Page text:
Texas News & Analysis

  • Increase in remote work likely a lasting effect of COVID-19

    Not so long ago, remote work arrangements were thought of as a nice perk for tech-proficient employees seeking an end to tiresome commutes and a way to enhance work-life balance. Then came the coronavirus and employerand government-mandated measures aimed at slowing the spread of the disease it causes, COVID-19.

  • Wearables at work: balancing function with privacy, other concerns

    It takes more than a time clock to figure out when employees are productive and safely on the job. What if a warehouse worker tasked with lifting heavy loads is sore from last week's workout session at the gym and therefore not performing at peak efficiency? Or what if he is risking injury by twisting in an unhealthy way when lifting or releasing the load?

  • One of our employees tested positive for COVID-19! Or did she?

    Employers are acutely focused on dealing with the ramifications of the coronavirus pandemic sweeping across America and what you must do to comply with the Families First Coronavirus Response Act (FFCRA). Unfortunately, when new "free" benefits are involved (the FFCRA uses government tax credits to provide paid leave to employees either quarantined or diagnosed with the coronavirus), there is an opportunity for misconduct or outright fraud.

  • COVID-19 and OSH Act issues: 4 questions to consider

    The current coronavirus pandemic (also known as COVID-19) presents many complex situations for employers and their respective workforces. Although employers are trying to navigate the maze created by wage and hour issues, Family and Medical Leave Act (FMLA) and Americans with Disabilities Act (ADA) leave, remote workspaces, and childcare, they must also keep in mind their legal obligation to keep employees safe under the Occupational Safety and Health Act (OSH Act). Let's look at several important OSH Act questions.

  • 5 HR 'don'ts' inspired by Netflix's Tiger King

    If you are one of the two people left in America who has not yet watched the true-crime documentary series Tiger King: Murder, Mayhem and Madness on Netflix and don't want to read any spoilers, you may want to turn back now. Otherwise, here are five HR tips on what not to do, inspired by Joe Exotic's unique brand of unhinged managerial madness.

  • Cutting-Edge HR

    Avoid mistakes when hiring hourly workers. Although hourly workers make up 58.5% of the wage and salary workforce, theyre often overlooked in conversations about recruiting, ac-cording to job networking site Indeed, which recently listed common mistakes to avoid when hiring hourly workers. The pitfalls include a lack of communication. Employees need to make sure they understand how to handle reporting when they willl be late, and how to update the schedule when trading shifts with coworkers. Include preferred modes of communication such as phone, text, and e-mail. Also, dont skip the interview process. Candidates need to be told whats expected of them, including conduct, dress codes, and company culture. Also, candi-dates need to know what an hour in the life of the organization looks like, and they should be told how productivity is measured.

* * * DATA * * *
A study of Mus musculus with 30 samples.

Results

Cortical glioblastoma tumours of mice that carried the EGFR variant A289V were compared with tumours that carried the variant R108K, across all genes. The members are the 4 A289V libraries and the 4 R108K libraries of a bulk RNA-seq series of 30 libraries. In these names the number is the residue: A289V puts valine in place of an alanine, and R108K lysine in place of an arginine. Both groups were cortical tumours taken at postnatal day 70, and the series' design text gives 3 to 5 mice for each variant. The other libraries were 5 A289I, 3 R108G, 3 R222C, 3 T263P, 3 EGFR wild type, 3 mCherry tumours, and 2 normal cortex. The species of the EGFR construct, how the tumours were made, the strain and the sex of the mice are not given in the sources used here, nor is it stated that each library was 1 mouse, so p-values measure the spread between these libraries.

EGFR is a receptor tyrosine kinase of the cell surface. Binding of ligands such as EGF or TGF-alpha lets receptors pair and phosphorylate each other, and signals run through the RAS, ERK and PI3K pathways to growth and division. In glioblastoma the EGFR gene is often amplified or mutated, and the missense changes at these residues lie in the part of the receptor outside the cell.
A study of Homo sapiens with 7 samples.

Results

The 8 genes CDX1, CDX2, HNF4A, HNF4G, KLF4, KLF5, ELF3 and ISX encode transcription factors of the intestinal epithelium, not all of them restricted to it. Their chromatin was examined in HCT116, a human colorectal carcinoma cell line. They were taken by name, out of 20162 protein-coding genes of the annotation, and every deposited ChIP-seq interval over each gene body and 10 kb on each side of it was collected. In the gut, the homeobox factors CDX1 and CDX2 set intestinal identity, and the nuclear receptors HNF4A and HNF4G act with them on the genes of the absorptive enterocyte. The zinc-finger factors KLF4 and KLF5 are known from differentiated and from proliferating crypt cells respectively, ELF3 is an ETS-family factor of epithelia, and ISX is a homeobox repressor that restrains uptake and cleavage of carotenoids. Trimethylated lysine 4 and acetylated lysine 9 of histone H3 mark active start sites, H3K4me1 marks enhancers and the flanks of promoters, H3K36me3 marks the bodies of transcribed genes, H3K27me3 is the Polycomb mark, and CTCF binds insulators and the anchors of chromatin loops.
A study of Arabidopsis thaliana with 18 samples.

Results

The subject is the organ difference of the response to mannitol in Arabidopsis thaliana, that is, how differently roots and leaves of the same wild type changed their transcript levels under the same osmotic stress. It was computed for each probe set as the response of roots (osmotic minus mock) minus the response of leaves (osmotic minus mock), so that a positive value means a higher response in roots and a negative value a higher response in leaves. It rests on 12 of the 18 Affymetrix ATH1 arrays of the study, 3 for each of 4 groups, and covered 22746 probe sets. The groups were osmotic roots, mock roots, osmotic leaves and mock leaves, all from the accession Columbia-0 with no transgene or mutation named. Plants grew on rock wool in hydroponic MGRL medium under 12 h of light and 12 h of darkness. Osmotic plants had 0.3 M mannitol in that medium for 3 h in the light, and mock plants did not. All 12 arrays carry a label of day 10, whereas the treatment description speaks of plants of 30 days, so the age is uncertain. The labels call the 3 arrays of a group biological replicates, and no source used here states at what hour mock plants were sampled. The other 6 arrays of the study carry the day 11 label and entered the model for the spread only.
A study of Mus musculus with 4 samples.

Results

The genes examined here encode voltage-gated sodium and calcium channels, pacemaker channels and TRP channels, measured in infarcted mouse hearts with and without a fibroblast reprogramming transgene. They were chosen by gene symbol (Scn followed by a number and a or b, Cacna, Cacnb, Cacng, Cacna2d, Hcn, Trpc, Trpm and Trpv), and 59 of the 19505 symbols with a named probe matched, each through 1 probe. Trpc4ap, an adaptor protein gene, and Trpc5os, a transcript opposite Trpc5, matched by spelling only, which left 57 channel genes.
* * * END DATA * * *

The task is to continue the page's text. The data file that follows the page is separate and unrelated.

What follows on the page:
• Federal Watch

    EEOC reports progress on lowering inventory of pending charges. The Equal Employment Opportunity Commission (EEOC) released its Annual Performance Report in February for fiscal year 2019, which ended September 30, 2019. The report highlights progress in achieving the goals and objectives outlined in the agency's Strategic Plan along with performance and program results. Among the 2019 highlights: reduction of the inventory of pending private-sector charges by 12.1 percent—to 43,580 charges—the lowest in 13 years, reduction in the federal-sector hearings pending inventory for the second consecutive year, more than 3,800 outreach events conducted, the securing of more than $486 million and other relief for victims of employment discrimination in private-sector and state and local government workplaces through mediation, conciliation, and settlements, and resolution of 173 merit lawsuits.

  • HR Technology

    Report finds automation reshaping IT security hiring trends. A survey of more than 1,000 IT and IT security practitioners finds that most companies continue to use or plan to use automation in the next three years. The biggest takeaway in this year's "Staffing the IT Security Function in the Age of Automation" study is that 51% of respondents believe that automation will decrease headcount in the IT security function, an increase from 30% in last year's study from the Ponemon Institute. Further, concerns by employees losing their jobs because of automation have increased to 37% over last year's 28%. The study also notes that a cybersecurity skills shortage continues to be a problem, with 69% of organizations' IT security functions being understaffed, a slight improvement over last year's 75%.

  • Employers, be warned: COVID-19 layoffs may require advanced notice to employees

    Many employers that have been negatively affected by Texas county "shelter-in-place" orders are having to make difficult business decisions and lay off employees who are unable to work. In those situations, you should carefully examine the notice re-quirements of the Worker Adjustment and Retraining Notification Act (WARN Act), a federal law requiring 60-day advanced notice of mass layoffs to employees and government officials. Failure to abide by the requirements could be costly and further debilitate the business.

  • 5 lessons from Austin about hiring in tight market

    Austin, Texas, remains one of the hottest labor markets in the country, topping the Wall Street Journal's ranking of 377 metropolitan areas for the second year in a row. Here are five considerations for companies trying to recruit talent in a highly competitive market.